Sunday, 29 November 2009
"What is a man if he doesn't have spirit, and what is man's
spirit if it cannot connect with the master of life." J.R. Cash.
Freshly baked plaited rolls line the tables at the shul function hall. Paper muffin cases lie interspersed, with one on every table, each containing a little table salt. The chairs are stackable and of plastic, the cutlery is cheap and disposable. At each seat, a portion of wet sliced salmon has been prepared.
The grandparents have already seated themselves, as has bored Levi Yitschok, an elderly neighbour, who stares at nothing in particular contentedly. The young father whose son had been circumcised today, the host, the Ba'al Simcha, dressed in his Shabbos robes, dashes here and there, evenly scattering some salad dishes.
Slowly as trickle becomes flow, the hall fills to capacity. At the first table in the middle row sits Uncle Moishe Hersch, a grey bearded, respectable and reserved man. As he dips his roll into his wet fish plate, he silently observes a group of young men seated opposite, at the far end, close to the hall entrance. A noisy bunch, friends of the father, they are.
Moishe Hersch knows them well, the tall one, Mendi, the court jester, is his employee. He does not judge them, but maintains an excellent and even friendly relationship with them. The sports league table means more to them than does Talmudic dissertation. But they are here aren't they, in their own way, fully subscribed to the way. Their children might watch Uncle Moshe and the Mitzvah Men, or perhaps even Snow White by Disney, but non judgemental Moshe Hersch, believes that they are just as much the future, as are the studious and serious Kollel goers who sit further up.
Naftali is Moshe Hersch's son. He is a well intentioned individual. He works for Moshe Hersch in the family business. Few people know why Naftali has drawn into himself, why he seems to be spending his prayer time in Shul reading scripture, why he had voted for the non Jewish candidate at the recent local election, and why he has at this function chosen to sit right near Mendi and his group, people with whom he has very little to share.
Moshe Hersch knows why though, he knows that Naftali has recently he decided for some reason, to embroil himself in a needless battle. The battle between faith and evidence. Creation vs. evolution, archaeology vs. tradition and history vs. legend. As a father Moshe Hersch is rather worried about Naftali and for Naftali's family. Not because he thinks that Naftali might besmirch the family name, but because, as he put it to Naftali recently, "why have you chosen this path to self annihilation?" He does not apportion blame upon Naftali for the predicament he has chosen for himself, but isn't the road to hell paved with good intentions?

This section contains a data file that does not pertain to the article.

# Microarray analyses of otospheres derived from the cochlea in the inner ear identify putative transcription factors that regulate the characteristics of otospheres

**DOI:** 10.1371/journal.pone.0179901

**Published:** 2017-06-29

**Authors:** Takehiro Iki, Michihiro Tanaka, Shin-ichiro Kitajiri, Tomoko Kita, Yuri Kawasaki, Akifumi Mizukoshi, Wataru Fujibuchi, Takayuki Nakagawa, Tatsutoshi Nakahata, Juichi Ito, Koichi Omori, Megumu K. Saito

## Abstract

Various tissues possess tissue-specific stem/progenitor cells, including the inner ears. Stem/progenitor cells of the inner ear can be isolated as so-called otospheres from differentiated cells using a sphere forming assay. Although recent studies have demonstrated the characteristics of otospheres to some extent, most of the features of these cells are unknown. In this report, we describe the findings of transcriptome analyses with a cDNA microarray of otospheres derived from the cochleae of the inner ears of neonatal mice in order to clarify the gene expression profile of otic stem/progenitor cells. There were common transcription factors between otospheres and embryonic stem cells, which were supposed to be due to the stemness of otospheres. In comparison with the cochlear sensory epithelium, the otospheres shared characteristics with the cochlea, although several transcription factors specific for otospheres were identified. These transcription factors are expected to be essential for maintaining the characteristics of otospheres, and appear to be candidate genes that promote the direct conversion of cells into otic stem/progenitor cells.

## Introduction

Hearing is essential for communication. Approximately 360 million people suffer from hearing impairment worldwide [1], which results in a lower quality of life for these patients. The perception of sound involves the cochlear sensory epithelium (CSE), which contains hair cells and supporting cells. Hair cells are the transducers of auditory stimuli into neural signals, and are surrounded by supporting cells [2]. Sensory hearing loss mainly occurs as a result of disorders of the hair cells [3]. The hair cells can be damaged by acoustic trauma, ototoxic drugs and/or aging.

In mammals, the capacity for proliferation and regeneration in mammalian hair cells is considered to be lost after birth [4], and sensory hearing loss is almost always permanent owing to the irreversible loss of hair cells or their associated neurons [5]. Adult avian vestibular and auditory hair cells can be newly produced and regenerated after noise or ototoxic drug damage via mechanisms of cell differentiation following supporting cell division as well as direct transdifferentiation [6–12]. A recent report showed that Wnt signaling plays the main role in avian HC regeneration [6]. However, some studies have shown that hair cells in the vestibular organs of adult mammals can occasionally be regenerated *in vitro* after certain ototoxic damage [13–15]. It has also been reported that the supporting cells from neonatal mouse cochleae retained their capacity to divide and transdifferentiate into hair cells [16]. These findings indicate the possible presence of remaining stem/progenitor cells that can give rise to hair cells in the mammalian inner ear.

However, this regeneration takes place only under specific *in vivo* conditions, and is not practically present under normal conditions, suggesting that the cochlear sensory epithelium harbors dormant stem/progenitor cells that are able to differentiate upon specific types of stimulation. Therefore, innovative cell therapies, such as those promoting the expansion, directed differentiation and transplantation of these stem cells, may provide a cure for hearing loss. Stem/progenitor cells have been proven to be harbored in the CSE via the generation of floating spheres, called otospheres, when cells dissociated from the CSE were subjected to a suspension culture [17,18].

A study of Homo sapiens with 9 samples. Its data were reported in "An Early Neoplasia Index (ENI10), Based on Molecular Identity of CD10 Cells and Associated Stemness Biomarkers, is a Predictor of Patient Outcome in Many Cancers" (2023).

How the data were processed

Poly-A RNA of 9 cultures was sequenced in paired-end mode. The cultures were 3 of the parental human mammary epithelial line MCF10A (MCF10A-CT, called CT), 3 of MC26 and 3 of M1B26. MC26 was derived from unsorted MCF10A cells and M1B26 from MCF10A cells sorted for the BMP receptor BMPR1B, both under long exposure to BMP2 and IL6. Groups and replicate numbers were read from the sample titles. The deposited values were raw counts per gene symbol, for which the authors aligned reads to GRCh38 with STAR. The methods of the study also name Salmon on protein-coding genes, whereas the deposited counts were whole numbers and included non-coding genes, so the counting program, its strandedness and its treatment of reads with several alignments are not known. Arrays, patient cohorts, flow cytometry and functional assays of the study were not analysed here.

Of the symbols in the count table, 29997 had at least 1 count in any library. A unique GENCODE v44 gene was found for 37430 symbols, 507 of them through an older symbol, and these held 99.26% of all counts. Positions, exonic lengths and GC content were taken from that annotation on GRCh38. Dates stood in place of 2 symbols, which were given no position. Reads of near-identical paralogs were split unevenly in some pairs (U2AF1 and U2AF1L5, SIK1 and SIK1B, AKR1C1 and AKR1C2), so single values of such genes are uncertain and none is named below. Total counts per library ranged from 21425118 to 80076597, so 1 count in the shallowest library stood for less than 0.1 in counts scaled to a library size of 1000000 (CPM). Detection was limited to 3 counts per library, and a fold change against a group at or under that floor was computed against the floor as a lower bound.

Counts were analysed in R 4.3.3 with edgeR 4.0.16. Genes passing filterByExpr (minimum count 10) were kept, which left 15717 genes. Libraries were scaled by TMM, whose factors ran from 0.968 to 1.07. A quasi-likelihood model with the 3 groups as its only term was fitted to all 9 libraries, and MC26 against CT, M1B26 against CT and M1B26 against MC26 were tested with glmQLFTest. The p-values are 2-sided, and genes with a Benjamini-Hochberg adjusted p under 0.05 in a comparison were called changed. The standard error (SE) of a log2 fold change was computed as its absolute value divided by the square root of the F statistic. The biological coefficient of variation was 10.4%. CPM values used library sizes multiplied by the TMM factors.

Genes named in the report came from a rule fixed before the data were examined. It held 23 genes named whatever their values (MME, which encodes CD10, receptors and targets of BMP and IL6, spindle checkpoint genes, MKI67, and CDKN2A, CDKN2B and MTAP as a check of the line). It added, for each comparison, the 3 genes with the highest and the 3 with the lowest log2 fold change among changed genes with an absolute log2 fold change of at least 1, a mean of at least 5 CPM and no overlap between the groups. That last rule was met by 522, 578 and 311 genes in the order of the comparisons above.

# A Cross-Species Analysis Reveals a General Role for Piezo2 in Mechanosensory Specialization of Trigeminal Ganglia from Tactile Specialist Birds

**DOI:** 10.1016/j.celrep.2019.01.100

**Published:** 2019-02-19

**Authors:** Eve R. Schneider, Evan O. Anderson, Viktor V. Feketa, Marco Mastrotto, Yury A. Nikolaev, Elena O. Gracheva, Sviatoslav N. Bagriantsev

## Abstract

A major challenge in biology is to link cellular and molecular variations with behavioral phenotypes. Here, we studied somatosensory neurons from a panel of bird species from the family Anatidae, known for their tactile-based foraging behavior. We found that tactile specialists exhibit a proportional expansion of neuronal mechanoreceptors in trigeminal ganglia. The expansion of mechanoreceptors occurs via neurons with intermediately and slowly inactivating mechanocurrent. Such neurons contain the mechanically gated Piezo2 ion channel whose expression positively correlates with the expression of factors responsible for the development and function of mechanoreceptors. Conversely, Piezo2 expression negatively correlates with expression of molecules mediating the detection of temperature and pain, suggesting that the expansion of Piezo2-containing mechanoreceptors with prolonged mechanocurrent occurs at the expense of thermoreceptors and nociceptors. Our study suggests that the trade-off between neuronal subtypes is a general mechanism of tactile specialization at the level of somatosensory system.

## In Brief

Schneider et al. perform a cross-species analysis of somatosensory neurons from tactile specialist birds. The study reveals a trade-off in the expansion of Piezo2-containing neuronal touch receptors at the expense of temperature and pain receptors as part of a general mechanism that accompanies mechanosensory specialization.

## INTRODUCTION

The father "deals with this" though. Whenever Naftali tries to discuss Evolution or the Documentary Hypothesis, he diverts the topic. He tells himself that Naftali will learn in time, that questions are normal. "Naftali has no answers" he tells his wife often enough. "No conclusions, things will turn out all right". He has no doubt that Naftali is fully observant, and that this phase of rebellion will dissolve on its own, given time.
Naftali at the Circumcision party knows that he is being watched by his father, he knows that his choice of seat, might seem out of character and that it has raised a few eyebrows. After all, does he have anything in common with the people to his left? No, of course not. He is agnostic, but used to be dogmatically theistic just a short while ago. He fell into his current disposition by accident, he thinks. In a way he has, he thinks, more in common with Kollel student a few seats up, who muddles through an old Jewish liturgical poem to an unsuitable melody.
Why can't he tell them all, look, I love you all, I love our collective history and tales, our legends and our teachings, but sadly they are not "true". Why is it that that Kollel student, would then understand, that very place he occupies at this 'Seudas Bris', this Circumcision party, is right where he belongs, between the disruptive, the vile and the uneducated. Naftali wonders, why he puts himself between 'them', why he lives up to that ultimate sentence of 'you belong with them', which has not nor might ever be passed.
He thinks it might be because at times they do laugh at what he too finds funny, but still they have no spirit, although truth be told, what is man's spirit if it cannot connect to the master of life, he wonders.
To Moshe Hersch's horror, Naftali gets up, and leaves for home.